Swollen rivers in the German states of Saxony-Anhalt and Schleswig-Holstein posed the biggest threat after flood waters caused billions of euros in damage and left at least 19 people dead across Europe.
Two burst dykes on Monday alleviated some of the pressure on other fortifications up the Elbe River but around 9,000 soldiers were deployed in Saxony-Anhalt in the centre of the country to ensure they held.
And in Schleswig-Holstein in the north, fears focused on the town of Lauenburg, 40 kilometres (25 miles) southeast of Hamburg, where the Elbe was expected to peak on Thursday.
There the river has already reached a level of 9.56 metres, more than double the normal. The old quarter of the town saw its power cut and some 400 people had to be evacuated.
Downriver the Elbe stabilised as towns and cities remained in a state of alert, particularly in Magdeburg, the capital of Saxony-Anhalt, where more than 20,000 have had to seek emergency shelter.
Meanwhile Hungarians breathed a sigh of relief as the level of the Danube continued to fall, to 8.59 metres at 0500 GMT Tuesday from 8.81 metres on Monday.
Travel restrictions in Budapest were expected to remain in place for another week but a key bridge linking Hungary to Slovakia reopened to traffic.
Chancellor Angela Merkel made her third trip to the German disaster region on Monday and praised the "impressive" work of volunteers to keep the muddy waters at bay.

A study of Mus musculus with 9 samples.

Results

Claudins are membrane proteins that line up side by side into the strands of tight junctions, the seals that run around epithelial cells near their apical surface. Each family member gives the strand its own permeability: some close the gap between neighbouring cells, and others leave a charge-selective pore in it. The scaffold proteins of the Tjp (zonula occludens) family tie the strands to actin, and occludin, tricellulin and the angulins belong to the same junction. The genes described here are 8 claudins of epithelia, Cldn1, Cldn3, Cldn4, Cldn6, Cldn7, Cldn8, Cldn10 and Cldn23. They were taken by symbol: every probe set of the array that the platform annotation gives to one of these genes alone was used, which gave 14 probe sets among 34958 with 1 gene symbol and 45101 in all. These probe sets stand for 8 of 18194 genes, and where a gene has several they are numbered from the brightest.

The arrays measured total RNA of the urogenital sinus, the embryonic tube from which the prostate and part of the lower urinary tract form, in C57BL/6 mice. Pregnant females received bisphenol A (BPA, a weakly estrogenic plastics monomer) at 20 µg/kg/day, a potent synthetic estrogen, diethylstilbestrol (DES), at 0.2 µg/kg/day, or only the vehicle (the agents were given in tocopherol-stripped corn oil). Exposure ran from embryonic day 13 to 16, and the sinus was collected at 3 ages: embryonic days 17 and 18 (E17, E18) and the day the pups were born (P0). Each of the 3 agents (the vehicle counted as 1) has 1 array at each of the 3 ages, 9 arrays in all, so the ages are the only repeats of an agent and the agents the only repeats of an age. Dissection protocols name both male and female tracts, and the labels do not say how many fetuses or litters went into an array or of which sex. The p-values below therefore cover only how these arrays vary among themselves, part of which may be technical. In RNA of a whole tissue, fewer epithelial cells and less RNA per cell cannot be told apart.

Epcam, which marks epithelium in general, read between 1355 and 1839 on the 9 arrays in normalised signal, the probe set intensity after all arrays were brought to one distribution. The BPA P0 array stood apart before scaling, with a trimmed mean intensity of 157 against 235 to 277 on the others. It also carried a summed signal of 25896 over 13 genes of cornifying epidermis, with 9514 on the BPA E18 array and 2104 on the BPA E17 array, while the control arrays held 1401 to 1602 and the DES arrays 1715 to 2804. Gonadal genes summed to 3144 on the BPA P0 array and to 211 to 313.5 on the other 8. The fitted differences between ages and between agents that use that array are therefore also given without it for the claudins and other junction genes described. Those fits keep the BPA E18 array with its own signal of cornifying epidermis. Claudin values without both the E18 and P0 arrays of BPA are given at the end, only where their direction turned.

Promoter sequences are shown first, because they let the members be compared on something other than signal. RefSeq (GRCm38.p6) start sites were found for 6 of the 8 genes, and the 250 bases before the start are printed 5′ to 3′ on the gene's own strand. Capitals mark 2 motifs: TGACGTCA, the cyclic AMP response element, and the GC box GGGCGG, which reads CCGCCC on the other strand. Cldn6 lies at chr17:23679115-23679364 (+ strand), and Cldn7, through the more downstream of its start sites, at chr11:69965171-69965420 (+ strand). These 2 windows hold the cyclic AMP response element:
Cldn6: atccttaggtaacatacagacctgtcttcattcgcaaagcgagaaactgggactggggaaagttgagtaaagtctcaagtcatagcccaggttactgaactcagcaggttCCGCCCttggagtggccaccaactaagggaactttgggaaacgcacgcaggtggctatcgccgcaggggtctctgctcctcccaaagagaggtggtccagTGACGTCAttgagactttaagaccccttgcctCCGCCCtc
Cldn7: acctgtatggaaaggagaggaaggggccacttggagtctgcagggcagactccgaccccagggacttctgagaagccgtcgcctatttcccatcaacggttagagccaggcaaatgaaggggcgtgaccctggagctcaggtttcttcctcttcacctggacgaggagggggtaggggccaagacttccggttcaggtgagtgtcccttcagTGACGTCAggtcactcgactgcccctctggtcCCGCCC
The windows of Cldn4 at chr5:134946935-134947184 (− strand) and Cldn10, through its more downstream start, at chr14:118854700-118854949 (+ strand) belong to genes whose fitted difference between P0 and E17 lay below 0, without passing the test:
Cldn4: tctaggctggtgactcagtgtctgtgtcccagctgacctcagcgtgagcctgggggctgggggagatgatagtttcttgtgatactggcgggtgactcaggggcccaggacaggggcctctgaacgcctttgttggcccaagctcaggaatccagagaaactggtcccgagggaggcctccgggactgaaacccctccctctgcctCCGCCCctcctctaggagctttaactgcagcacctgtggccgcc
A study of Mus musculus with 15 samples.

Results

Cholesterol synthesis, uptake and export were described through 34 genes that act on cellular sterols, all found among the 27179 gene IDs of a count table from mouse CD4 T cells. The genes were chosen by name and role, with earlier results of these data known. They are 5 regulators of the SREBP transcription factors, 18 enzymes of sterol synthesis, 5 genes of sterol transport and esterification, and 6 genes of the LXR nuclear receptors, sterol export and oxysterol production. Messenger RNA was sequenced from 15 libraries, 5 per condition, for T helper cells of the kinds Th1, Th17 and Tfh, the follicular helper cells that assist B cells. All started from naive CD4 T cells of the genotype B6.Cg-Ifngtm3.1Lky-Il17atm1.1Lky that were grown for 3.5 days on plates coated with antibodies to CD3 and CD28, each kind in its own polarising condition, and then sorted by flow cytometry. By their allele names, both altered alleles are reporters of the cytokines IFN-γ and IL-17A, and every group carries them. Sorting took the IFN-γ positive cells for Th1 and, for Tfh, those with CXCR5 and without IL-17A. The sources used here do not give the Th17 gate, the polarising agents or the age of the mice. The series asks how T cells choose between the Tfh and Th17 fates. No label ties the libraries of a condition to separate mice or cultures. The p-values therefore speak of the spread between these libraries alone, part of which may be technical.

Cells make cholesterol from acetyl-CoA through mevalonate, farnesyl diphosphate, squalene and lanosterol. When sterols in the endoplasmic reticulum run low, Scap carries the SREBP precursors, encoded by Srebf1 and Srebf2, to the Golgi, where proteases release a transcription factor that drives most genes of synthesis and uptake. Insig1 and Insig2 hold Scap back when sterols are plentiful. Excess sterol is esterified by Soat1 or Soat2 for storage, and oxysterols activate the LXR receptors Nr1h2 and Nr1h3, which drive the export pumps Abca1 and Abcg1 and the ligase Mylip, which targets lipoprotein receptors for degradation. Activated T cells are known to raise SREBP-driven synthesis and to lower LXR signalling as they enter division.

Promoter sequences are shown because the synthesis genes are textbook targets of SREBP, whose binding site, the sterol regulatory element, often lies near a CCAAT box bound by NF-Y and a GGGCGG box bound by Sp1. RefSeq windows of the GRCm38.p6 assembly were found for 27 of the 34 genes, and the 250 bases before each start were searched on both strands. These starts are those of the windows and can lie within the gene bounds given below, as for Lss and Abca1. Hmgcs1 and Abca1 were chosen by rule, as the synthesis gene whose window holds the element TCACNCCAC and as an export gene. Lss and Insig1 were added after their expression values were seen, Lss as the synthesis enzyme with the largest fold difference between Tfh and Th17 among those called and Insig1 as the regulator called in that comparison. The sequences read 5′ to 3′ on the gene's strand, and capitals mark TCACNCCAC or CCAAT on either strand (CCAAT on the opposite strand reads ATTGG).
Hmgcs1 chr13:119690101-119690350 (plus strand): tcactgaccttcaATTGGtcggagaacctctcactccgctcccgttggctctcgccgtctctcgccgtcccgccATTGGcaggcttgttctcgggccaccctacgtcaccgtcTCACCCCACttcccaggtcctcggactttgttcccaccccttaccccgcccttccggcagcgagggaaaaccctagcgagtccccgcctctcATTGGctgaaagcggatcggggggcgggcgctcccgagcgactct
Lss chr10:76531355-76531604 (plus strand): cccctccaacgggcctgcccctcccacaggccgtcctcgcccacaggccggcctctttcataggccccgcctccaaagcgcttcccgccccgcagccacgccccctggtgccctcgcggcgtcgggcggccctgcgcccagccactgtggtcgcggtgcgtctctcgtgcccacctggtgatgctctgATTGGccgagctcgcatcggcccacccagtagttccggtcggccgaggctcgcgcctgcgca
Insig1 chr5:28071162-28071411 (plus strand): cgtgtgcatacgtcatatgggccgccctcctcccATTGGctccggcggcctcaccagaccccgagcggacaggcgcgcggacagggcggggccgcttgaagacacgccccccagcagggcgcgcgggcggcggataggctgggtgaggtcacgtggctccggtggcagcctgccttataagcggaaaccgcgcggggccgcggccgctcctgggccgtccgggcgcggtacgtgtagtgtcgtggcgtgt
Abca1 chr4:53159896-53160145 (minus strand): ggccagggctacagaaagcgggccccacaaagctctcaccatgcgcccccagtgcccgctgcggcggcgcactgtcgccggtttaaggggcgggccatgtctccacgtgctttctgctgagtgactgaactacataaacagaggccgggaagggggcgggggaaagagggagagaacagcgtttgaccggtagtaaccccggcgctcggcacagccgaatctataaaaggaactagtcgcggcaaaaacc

Economy Minister Philipp Rösler said Tuesday the government would establish an aid fund for stricken residents and businesses using a model established after "worst-in-a-century" floods in 2002.
"That was a success," he told Berlin's Inforadio, saying the amount of the new fund would be determined after the floods had passed and the cost of the damage had been tallied.
He had told rolling news channel NTV on Monday that those affected could expect a payout of 50 percent of their assessed damage.
Merkel, who is just over three months away from a general election, is to meet Germany's 16 state leaders Thursday to discuss recovery efforts.
Meanwhile a staple of the German diet, the potato, looked to be another victim of the flooding as the fruit and vegetable industry association (BOGK) warned that a meagre harvest could drive up prices.
"It is not unlikely that there could be a shortage of French fries, dumplings and chips," BOGK managing director Horst-Peter Karos told the daily Bild.